The area enclosed by a circle is πr2. The volume inside a sphere is 4∕3πr3. These are formulas I learned too early in life. Having committed them to memory as a schoolboy, I ceased to ask questions about their origin or meaning. In particular, it never occurred to me to wonder how the two formulas are related, or whether they could be extended beyond the familiar world of two- and three-dimensional objects to the geometry of higher-dimensional spaces. What’s the volume bounded by a four-dimensional sphere? Is there some master formula that gives the measure of a round object in n dimensions?
The text above is the opening paragraph of my new column in American Scientist. If you’d like to know how the story comes out, by all means go read the full column in the format of your choice: HTML, PDF, or ink-on-paper at better newsstands everywhere. For those in a hurry, here’s the gist in one equation, one code snippet and one graph:
The equation is the “master formula” mentioned above: Plug in the radius r and the number of spatial dimensions n, and you’ll get back the volume of the corresponding ball. (If the gamma function in the denominator is unfamiliar, think of it as a factorial that makes sense even when the argument is not an integer.)
v[0, r_] := 1 v[1, r_] := 2r v[n_,r_] := (2πr2/n) * v[n–2, r]
This version of the formula, given here in Mathematica notation, works only for integer n. It defines the volume of a 0-ball as 1 and the volume of a 1-ball as 2r. For larger n, the volume is calculated recursively: It’s 2πr2/n times the volume of a ball with the same radius in n–2 dimensions.
Finally, the graph shows the volume of a unit n-ball (i.e., r = 1) for values of n from 0 through 20. When I first saw these data, two things took me by complete surprise. First, I was perplexed to learn that the volume of an n-ball dwindles away to nothing as n gets large. Second, I was even more surprised that the relation is not monotonic but has a peak at finite n. If we consider only integer n, the unit 5-ball has the largest volume. If we allow the spatial dimension to become a continuous variable, the maximum is at approximately n = 5.26.
These facts still seem pretty weird to me. And, although they are hardly new discoveries—the formula cited above goes back to the middle of the 19th century—they seem not to be widely known. How come nobody ever told me about this stuff?
Well, it turns out somebody did tell me, long ago. A few days after the current issue of American Scientist was sent to the press, I came upon an old Martin Gardner column with the title “Circles and spheres, and how they kiss and pack.” Writing about the n-sphere (by which he means the same object I’m calling the n-ball), Martin remarks:
And something very queer happens to its n-volume as n increases. The area of the unit circle is, of course, π. The volume of the unit sphere is 4.1+. The unit 4-sphere’s hypervolume is 4.9+. In 5-space the volume is still larger, 5.2+, then in 6-space it decreases to 5.1+ and thereafter steadily declines. Indeed, as n approaches infinity the hypervolume of a unit n-sphere approaches zero!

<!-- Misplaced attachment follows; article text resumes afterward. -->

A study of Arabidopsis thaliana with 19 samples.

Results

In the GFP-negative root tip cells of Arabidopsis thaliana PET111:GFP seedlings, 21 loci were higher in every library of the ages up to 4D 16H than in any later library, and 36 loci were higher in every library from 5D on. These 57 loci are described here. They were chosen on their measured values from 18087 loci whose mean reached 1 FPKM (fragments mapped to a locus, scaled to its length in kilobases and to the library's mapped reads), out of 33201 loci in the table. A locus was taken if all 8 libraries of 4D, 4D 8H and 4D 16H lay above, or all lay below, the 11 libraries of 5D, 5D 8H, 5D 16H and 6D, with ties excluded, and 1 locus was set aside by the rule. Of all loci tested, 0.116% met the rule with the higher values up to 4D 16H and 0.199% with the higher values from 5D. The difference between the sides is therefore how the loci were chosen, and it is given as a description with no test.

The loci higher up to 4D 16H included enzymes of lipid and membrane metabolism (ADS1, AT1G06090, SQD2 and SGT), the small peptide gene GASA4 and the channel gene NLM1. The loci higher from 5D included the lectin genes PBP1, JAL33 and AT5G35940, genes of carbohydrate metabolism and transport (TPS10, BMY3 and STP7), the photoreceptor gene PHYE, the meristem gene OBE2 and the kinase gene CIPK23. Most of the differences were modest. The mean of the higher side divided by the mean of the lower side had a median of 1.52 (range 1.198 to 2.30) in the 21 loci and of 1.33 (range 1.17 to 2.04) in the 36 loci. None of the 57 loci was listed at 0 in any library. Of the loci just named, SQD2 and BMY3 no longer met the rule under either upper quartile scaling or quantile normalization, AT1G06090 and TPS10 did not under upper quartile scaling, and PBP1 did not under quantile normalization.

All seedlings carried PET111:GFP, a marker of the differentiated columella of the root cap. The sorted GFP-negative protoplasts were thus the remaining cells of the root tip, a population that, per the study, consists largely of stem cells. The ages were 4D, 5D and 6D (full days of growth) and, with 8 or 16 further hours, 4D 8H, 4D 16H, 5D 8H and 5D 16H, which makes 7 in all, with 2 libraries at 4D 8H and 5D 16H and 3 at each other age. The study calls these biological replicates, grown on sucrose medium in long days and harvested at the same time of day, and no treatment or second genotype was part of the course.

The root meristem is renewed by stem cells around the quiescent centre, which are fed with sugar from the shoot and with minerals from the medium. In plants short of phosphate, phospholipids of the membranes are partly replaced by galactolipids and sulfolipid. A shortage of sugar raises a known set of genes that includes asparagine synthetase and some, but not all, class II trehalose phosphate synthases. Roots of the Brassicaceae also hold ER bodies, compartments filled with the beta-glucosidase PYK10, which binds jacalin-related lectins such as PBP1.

These words were published in the May, 1968, issue of Scientific American. I was a faithful reader in those days and surely saw the column, but I retain no shred of memory.
In the same column Martin discusses another mind-boggler that I also mention. Consider this configuration of disks in a square:
The maroon disk in the middle, tangent to the four blue disks, has a radius of √2 – 1. In the analogous three-dimensional arrangement, with eight blue balls, the radius of the central maroon ball is √3 – 1; in n dimensions it is √n – 1. Now look at what happens when n = 9: The maroon ball, though still surrounded on all sides by blue balls, has expanded to a radius of 2 and thus reaches the edge of the enclosing cube. I learned of this conundrum from Barry Cipra, who gives an account of it in WHIMS I, the first volume in the AMS series What’s Happening in the Mathematical Sciences (1991). Barry wasn’t able to tell me anything about the provenance of the problem. Martin describes it as “an unpublished paradox discovered by Leo Moser,” a Canadian mathematician who died just a few years later. As far as I can tell, Moser never did publish anything about the problem. If anyone knows more about its origin, I’d be eager to hear about it.
A further note: The new American Scientist had not been out more than a day or two before I began getting letters arguing that the whole tale I’m telling is nonsensical because balls (or other shapes) that differ in dimension have volumes measured in different units. A unit 3-ball is neither larger nor smaller than a unit 2-ball, because one kind of volume is measured in cubic units and the other in square units. This issue is addressed in my column, though evidently not to the satisfaction of all readers. In retrospect, I think my discussion would have been clearer (and less controversial) if I had stated everything in terms of volume ratios rather than volumes. In other words, the numbers labeling the ordinate of the graph above should be understood as measuring the ratio of the volume of a unit n-ball to the volume of a unit n-cube. All measurements involve some such comparison, but in this case it’s really helpful to make it explicit.
I do believe that the curve in that graph is trying to tell us something important about geometry in higher-dimensional spaces. I have no clear idea what. Wisdom and insight are always welcome in the comments.